The Full Cost of Round the World Travel

(Note: this post was updated in 2019)

Did we really just commit to taking a month off from work, taking our daughter out of school, possibly renting out our house, and budgeting for this grand round-the-world trip?

Yes. Thus, the details began to kick in.

We thought we should check into where we would need Visas and shots. Quickly we learned that we would need Visas for China and Russia and shots for China. So I began to research Visas. First up was China.

Getting China Visas

China Visa rules change like the wind. Currently, if you are to stay in China longer than 72 hours, you need a tourist Visa. Our stay is 96 hours. Thus, we need Visas. After researching this a bit, we learned a few things. We cannot mail our passports into the Chinese Consulate. We either have to bring them ourselves or pay a service to do it for us. If we pay a service, the total price for the three Visas is about $600. Learning this, we began to rethink our itinerary. What if we were to leave Beijing a day earlier? We could save ourselves the hassle and expense of the Visas.

I called Delta to attempt to change our tickets. Not only would it cost $450 for the change ($150 for each ticket), the agent was not confident she could find three seats again according to the rules, and the change would also affect other legs of our trip. So we categorized this experience under, “We Should Have Thought this Through More,” and I hung up.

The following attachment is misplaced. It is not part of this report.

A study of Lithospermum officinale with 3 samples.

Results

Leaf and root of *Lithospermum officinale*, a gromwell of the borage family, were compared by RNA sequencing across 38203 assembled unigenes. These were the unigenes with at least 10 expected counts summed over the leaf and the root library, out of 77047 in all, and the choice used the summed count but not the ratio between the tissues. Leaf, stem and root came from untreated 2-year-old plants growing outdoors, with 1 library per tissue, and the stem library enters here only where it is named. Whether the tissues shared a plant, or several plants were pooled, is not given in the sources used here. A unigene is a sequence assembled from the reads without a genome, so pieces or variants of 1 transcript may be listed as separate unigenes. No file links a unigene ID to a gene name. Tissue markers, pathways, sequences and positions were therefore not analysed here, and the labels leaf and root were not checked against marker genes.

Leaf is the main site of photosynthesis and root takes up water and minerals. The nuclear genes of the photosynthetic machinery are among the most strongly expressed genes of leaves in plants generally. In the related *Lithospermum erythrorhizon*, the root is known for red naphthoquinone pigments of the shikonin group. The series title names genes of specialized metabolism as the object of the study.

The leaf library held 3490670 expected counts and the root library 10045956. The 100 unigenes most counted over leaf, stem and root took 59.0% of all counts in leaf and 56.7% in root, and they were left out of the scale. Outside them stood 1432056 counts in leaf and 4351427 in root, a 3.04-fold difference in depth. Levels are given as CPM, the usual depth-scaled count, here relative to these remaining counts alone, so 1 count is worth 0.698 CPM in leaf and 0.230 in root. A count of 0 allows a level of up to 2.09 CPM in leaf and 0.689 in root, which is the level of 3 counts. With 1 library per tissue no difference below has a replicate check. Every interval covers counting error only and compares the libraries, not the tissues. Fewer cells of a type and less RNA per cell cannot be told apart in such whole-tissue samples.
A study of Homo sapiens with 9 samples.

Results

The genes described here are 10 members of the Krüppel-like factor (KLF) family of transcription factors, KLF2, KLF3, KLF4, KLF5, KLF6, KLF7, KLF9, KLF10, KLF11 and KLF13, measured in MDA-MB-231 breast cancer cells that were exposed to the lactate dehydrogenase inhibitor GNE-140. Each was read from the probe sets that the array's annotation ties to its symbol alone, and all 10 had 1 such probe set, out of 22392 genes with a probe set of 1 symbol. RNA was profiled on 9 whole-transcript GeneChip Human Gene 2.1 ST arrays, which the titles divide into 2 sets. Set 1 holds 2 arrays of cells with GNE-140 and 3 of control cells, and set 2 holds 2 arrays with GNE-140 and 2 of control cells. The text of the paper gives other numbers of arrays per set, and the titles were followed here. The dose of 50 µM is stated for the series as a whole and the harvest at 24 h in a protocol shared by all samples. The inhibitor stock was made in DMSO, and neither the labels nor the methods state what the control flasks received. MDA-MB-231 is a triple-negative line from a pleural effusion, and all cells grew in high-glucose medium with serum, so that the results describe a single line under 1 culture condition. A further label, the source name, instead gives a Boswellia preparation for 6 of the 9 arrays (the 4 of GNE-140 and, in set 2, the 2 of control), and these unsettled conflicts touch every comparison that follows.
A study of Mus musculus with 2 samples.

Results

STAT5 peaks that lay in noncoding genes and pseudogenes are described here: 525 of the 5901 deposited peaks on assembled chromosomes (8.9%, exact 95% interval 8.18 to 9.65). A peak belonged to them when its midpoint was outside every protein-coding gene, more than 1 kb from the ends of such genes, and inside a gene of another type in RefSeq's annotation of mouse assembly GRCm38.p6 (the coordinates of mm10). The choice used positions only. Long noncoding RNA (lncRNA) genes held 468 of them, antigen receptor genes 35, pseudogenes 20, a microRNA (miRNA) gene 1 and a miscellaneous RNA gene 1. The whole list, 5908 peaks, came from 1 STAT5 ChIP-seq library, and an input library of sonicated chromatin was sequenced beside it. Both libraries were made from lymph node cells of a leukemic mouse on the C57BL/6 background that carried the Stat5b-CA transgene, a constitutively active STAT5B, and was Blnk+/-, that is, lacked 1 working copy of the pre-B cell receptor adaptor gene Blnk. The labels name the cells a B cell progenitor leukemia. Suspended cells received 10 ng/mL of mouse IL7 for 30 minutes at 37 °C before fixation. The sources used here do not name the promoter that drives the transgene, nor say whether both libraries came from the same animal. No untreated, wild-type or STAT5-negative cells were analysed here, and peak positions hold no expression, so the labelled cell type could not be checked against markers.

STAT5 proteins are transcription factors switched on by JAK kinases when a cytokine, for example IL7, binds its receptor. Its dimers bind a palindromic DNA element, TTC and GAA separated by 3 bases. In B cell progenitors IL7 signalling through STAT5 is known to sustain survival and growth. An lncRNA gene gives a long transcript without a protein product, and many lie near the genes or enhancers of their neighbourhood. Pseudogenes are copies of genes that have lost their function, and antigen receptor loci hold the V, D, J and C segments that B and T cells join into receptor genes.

Getting Russian Visas

Next up was to check out the Russian rules on Visas. They’re a bit more straight-forward. Anyone traveling to Russia needs a Visa. And like China, it’s the same scenario. We are looking at another $600.

Here’s the catch. Not surprisingly, Russia and China see the US differently. Based on where you live, you must use the Consulate that’s attached to your state. We live in Colorado–ask an American where Colorado is geographically, and most would say the west. Well, China attaches Colorado to their Chicago Consulate, and Russia attaches Colorado to their San Francisco Consulate.

Thank Heavens for Travisa

We finally decided to use Travisa to take care of our Visas. It was a bit of a knuckle-biter, wondering whether paying the Travisa service fees would be worth it. With a bit of foreshadowing, I have to say it was well worth the price, but not without some anxiety.

Next up, divvying up the cities to each family member to find housing, transportation, and things to do.




Chris and Steve, the empty-nesting nomads, travel the world, one month at a time, housesitting and Airbnbing along the way. We uncover urban walks, great hikes, and vegan/vegetarian eats that other guide books miss. And we throw in a bit about Forex trading along the way.